Laser pointers a growing problem for pilots everywhere - WAFF-TV: News, Weather and Sports for Huntsville, AL

Laser pointers a growing problem for pilots everywhere

Suspects are lighting up airplanes with potentially blinding laser pointers. (Source: WAFF) Suspects are lighting up airplanes with potentially blinding laser pointers. (Source: WAFF)

There's a growing danger in the sky threatening flights. Suspects lighting up airplanes full of passengers with potentially blinding laser pointers.

The Federal Aviation Administration has seen a record 50 percent increase in just the last year alone.

For the first time, official have confirmation that planes landing at Huntsville International Airport have already been targeted dozens of times over the past six years.

In 2016 alone, it's happened not once but five times and it's only May.

Commercial planes, military aircraft, even medical helicopters, are all targets for a laser strike.

Huntsville pilot, Mark Spencer, has been a target of laser strikes.

"All of a sudden you see this bright light in the cockpit that is very distracting," said Spencer.

The first time he was high above Huntsville getting footage of fireworks for the Fourth of July. However, an unexpected light show hit his plane from the ground.

That's when he realized someone targeted him from the ground with a laser.

"It's unusual to deal with people intentionally trying to cause you harm," added Spencer.

Police Pilot Adam Culbertson was lit up four times in one night.

"It could've been deadly. The closest thing I can compare it to, is looking into the sun," said Culbertson.

The FAA confirms more than 2,196 strikes have happened across the country so far, already on par to surpass the year before. The number of these strikes is escalating.

Over the last 8 years, there's been a steady increase in reports from pilots, averaging around 3,700 incidents a year. However, last year, laser attacks nearly doubled to a record 7,703 strikes.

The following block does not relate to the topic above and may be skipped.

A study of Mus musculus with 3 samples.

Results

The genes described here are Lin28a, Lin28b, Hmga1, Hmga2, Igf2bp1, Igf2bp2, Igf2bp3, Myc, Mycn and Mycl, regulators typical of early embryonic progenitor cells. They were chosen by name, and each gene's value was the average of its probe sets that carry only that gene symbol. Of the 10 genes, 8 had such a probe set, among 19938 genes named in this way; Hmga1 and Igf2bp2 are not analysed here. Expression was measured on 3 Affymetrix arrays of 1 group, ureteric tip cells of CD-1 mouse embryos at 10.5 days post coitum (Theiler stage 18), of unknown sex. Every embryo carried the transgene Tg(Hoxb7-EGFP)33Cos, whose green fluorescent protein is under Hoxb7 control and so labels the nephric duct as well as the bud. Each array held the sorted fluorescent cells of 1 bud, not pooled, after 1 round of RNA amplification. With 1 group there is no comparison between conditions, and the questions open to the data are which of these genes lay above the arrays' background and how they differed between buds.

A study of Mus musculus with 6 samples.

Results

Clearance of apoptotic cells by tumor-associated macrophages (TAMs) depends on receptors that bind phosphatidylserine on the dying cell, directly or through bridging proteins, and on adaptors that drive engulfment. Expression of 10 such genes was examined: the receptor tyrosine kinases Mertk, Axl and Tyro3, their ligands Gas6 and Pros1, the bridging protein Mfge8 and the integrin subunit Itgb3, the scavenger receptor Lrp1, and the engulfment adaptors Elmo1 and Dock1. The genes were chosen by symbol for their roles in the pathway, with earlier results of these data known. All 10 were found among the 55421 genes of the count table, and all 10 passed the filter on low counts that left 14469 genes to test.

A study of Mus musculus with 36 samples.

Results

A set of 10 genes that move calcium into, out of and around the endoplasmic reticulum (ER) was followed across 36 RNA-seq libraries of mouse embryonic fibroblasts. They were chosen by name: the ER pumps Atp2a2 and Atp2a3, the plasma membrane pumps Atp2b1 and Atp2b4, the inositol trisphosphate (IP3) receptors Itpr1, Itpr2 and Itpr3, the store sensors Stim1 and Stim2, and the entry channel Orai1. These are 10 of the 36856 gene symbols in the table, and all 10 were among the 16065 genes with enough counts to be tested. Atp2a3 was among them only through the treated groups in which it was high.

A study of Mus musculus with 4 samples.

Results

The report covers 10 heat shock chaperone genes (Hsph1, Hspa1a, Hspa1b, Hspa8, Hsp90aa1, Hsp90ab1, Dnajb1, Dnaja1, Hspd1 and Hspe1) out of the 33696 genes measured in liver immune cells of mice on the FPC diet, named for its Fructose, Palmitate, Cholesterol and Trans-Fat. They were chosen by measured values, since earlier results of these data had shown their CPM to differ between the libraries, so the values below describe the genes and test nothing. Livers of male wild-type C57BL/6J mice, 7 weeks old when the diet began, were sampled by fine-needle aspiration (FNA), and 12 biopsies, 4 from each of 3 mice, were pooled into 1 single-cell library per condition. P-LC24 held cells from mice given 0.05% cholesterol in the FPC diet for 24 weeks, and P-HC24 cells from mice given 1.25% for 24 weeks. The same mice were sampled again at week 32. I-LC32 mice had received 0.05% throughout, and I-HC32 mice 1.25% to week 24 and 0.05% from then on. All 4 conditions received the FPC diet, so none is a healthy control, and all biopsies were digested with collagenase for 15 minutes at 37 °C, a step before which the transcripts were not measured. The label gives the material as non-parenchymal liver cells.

When pushed for more details, the FAA released dozens of documents detailing the incidents. Some contain actual descriptions from the pilots
taking off and landing at major airports around the country.

Over a four-year period, planes coming and going from Atlanta's Hartsfield Jackson International Airport reported 131 documented laser attacks on planes.

There have also been 116 reports from Nashville International Airport, 41 at Birmingham-Shuttlesworth International Airport and 48 at Huntsville International, including one on a military helicopter.

Every major airline has reported being hit by these laser pointers, including American Airlines, United, Delta.

When you break it down to the number of daily strikes across the U.S., it's staggering.

"The stats I've got right now say 16 instances every day," FedEx Pilot and Chairman of the Airline Pilots Association, Chuck Dyer, who has been a commercial pilot for 32 years. "We're seeing more recognition of the problem, but we're a long way from getting our arms around the problem."

The frustration for pilots, the FAA and the FBI is that powerful lasers are cheap and easy to buy. You can find them on Ebay for $9 or $10. The most powerful ones for just $40 or $50.

Dyer and the FBI said, people just don't realize how dangerous lasers can be.

"A lot of times it's young people who want to pull a prank and be funny but the message we are trying to send is that it's not funny, it's a felony," said FBI spokesperson Paul Daymond.

Suspects can face thousands of dollars in fines and even jail time.

Just this March, a California man received 14 years in prison for shining a laser pointer at a police helicopter, the strongest sentence given in the U.S.

If you are aware of someone who is doing this, report them immediately.